By Ciara Linnane, MarketWatch
• A study published in the New England Journal of Medicine showed that Johnson & Johnson’s /zigman2/quotes/201724570/composite JNJ +1.15% COVID-19 vaccine candidate generated neutralizing antibody titers in 100% of roughly 800 adult participants younger than 55 years old by day 57, MarketWatch’s Jaimy Lee reported. “In addition, during 71 days of follow-up after the first dose, antibody titers further increased and stabilized, which suggests durability of the Ad26.COV2.S-elicited immune response,” the researchers wrote in the NEJM. The company’s experimental COVID-19 vaccine candidate is a single-dose vaccine, though the Phase 1/2 trial also includes a cohort of participants who receives two doses. It is also currently being tested in a Phase 3 clinical trial. J&J said it plans to share additional data from this trial about the immune response in adults older than 55 later this month, and it also expects to release top-line data from the Phase 3 trial sometime in January.
• Lebanon is planning one of the strictest lockdowns of the pandemic starting Thursday, with an 11-day nationwide shutdown and 24-hour curfew, the Guardian reported. Residents must request special permission to leave the house and supermarkets are closed to the public and only allowed to deliver. The tough measures came after the country’s hospitals ran out of beds and daily infections hit a new high of 5,440 cases last week. Lebanon has a population of nearly six million.
• The German economy contracted by 5% in 2020 to mark its worst performance since the 2008 financial crisis, broadcaster Deutsche Welle reported. But the numbers published by Germany’s Federal Statistical Office (Destatis) showed the economy fared relatively well compared with some other European nations, thanks in part to the country’s resilient manufacturing base. The drop in gross domestic product (GDP) was also smaller than analysts had predicted and less severe than the record contraction of -5.7% in 2009 during the global financial crisis.
The Month Coronavirus Unraveled American Business - A WSJ Documentary
When the coronavirus tore through industry, commerce and society in March 2020, the U.S. economy came to a screeching halt. Top executives relive the tough decisions they made as they scrambled to weather the storm. Photo Illustration: Adele Morgan/The Wall Street Journal
The number of confirmed cases of COVID-19 worldwide climbed above 92.46 million on Thursday, according to data aggregated by Johns Hopkins University, and the death toll rose above 1.98 million. About 51 million people have recovered from COVID-19.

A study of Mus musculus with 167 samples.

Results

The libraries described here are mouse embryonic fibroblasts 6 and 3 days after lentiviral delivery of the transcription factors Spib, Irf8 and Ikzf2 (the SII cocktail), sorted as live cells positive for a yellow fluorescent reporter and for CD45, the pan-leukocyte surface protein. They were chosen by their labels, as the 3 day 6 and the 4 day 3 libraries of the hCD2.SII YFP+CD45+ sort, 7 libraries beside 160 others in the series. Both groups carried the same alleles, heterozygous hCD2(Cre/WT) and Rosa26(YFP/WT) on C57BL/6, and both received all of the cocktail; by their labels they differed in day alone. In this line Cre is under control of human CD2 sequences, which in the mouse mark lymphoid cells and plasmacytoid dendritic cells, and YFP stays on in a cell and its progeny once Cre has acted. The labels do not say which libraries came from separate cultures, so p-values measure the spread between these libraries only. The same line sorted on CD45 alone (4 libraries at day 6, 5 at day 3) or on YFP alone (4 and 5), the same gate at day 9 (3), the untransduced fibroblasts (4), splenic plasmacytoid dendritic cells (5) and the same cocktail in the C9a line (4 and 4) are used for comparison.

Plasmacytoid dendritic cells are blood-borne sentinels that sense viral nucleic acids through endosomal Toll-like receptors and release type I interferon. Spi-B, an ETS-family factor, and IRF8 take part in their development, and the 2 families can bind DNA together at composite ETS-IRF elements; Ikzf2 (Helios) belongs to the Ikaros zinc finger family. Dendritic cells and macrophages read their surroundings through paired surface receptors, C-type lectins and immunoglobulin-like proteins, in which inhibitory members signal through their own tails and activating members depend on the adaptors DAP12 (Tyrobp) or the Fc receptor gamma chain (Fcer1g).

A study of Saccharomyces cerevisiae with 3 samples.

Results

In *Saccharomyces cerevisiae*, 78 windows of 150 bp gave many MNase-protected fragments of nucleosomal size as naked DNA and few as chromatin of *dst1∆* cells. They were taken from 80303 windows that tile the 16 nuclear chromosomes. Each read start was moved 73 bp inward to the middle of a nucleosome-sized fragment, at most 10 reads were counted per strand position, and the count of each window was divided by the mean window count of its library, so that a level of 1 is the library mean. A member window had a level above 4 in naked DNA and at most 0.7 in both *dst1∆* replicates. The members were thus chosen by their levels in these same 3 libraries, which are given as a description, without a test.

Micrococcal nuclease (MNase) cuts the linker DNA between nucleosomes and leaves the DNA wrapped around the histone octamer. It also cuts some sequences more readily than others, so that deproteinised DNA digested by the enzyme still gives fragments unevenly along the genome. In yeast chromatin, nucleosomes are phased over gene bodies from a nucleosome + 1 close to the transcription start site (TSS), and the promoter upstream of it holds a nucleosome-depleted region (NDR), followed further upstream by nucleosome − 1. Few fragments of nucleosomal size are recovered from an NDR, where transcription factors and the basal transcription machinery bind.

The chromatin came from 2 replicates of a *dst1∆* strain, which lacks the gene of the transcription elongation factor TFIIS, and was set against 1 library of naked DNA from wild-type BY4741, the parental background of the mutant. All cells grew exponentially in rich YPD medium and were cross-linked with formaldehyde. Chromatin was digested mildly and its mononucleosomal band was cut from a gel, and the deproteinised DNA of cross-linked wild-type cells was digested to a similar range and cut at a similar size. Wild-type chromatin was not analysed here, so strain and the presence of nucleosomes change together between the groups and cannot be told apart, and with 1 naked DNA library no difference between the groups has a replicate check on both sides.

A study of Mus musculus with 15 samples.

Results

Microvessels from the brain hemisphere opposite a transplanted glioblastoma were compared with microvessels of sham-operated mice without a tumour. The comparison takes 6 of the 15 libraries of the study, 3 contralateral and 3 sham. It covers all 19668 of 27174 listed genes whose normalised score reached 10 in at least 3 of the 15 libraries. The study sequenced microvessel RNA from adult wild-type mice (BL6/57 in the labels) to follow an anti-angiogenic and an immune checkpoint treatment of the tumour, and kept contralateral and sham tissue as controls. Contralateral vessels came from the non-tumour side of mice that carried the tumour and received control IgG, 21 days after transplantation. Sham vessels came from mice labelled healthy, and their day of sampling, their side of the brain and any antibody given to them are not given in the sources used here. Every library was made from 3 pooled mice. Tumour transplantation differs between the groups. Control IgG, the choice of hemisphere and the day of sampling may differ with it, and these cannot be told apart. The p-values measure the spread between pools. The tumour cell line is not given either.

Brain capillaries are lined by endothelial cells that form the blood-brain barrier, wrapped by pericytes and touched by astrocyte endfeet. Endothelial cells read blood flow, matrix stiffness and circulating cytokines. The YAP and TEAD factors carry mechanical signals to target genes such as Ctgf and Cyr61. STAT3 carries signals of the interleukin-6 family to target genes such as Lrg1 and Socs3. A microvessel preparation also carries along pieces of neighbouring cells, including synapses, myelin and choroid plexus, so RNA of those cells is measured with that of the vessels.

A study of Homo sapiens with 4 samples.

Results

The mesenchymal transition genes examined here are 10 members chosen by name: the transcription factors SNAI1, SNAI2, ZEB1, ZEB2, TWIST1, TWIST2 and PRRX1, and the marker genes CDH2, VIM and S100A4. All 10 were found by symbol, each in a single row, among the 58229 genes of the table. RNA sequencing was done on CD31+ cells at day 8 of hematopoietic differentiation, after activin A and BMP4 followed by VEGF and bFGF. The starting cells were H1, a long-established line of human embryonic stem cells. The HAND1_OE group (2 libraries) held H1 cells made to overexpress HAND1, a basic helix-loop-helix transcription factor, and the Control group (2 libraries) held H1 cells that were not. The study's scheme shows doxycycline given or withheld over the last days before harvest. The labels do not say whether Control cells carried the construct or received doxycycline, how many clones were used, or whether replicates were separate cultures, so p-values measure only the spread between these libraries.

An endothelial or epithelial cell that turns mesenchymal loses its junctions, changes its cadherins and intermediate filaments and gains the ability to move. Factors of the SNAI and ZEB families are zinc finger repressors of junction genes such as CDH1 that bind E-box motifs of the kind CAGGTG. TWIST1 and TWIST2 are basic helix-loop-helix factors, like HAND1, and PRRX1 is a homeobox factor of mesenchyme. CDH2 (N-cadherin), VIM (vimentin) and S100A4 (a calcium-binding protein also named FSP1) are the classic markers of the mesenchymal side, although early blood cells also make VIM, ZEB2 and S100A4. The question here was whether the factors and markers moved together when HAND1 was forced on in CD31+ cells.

The U.S. continues to lead the world by cases, at 23 million, or a quarter of the global tally, and deaths, at 386,577, or about a fifth of the global total. The U.S. has more than double the country with the next biggest case load, India, which has 10.5 million cases and is third in deaths at 151,727.
Brazil has the second highest death toll at 205,964 and is third by cases at 8.3 million.
Mexico has the fourth highest death toll at 136,917 and 13th highest case tally at 1.6 million.
The U.K. has 3.2 million cases and 84,915 deaths, the highest in Europe and fifth highest in the world.
China, where the virus was first discovered late last year, has had 97,324 confirmed cases and 4,796 deaths, according to its official numbers.
What’s the economy saying?
The number of Americans who applied for jobless benefits soared in early January to a five-month high of nearly 1 million as more workers lost their jobs due to business closures and restrictions to combat the winter resurgence of the coronavirus pandemic, MarketWatch’s Jeffry Bartash reported.
Initial jobless claims filed traditionally through the states leapt by 181,000 to a seasonally adjusted 965,000 in the seven days ended Jan. 9, the government said Thursday. It was the highest level since August.
Economists surveyed by Dow Jones and The Wall Street Journal had forecast initial jobless claims to total 800,000.
Another 284,470 applications were filed through a temporary federal-relief program.
Adding up new state and federal claims, the government received 1.44 million applications last week, based on actual or unadjusted figures. Combined claims have yet to drop below 1 million a week since last spring.
“Another week of bad economic data underscores the fact that the economy is weak and the job market is getting worse,” said Chris Zaccarelli, chief investment officer at Independent Advisor Alliance.
Separately, the cost of imported goods rose 0.9% in December, matching the biggest increase in five months, largely because of higher prices for oil and industrial supplies.
The import price index rose for the seventh time in eight months, but inflation is still very low. Import prices, for example, have actually declined 0.3% in the past 12 months.
If fuel is excluded, import prices moved up a smaller 0.4% last month. Over the past year import prices minus fuel have risen a moderate 1.9%.U.S. export prices rose 0.6% in December.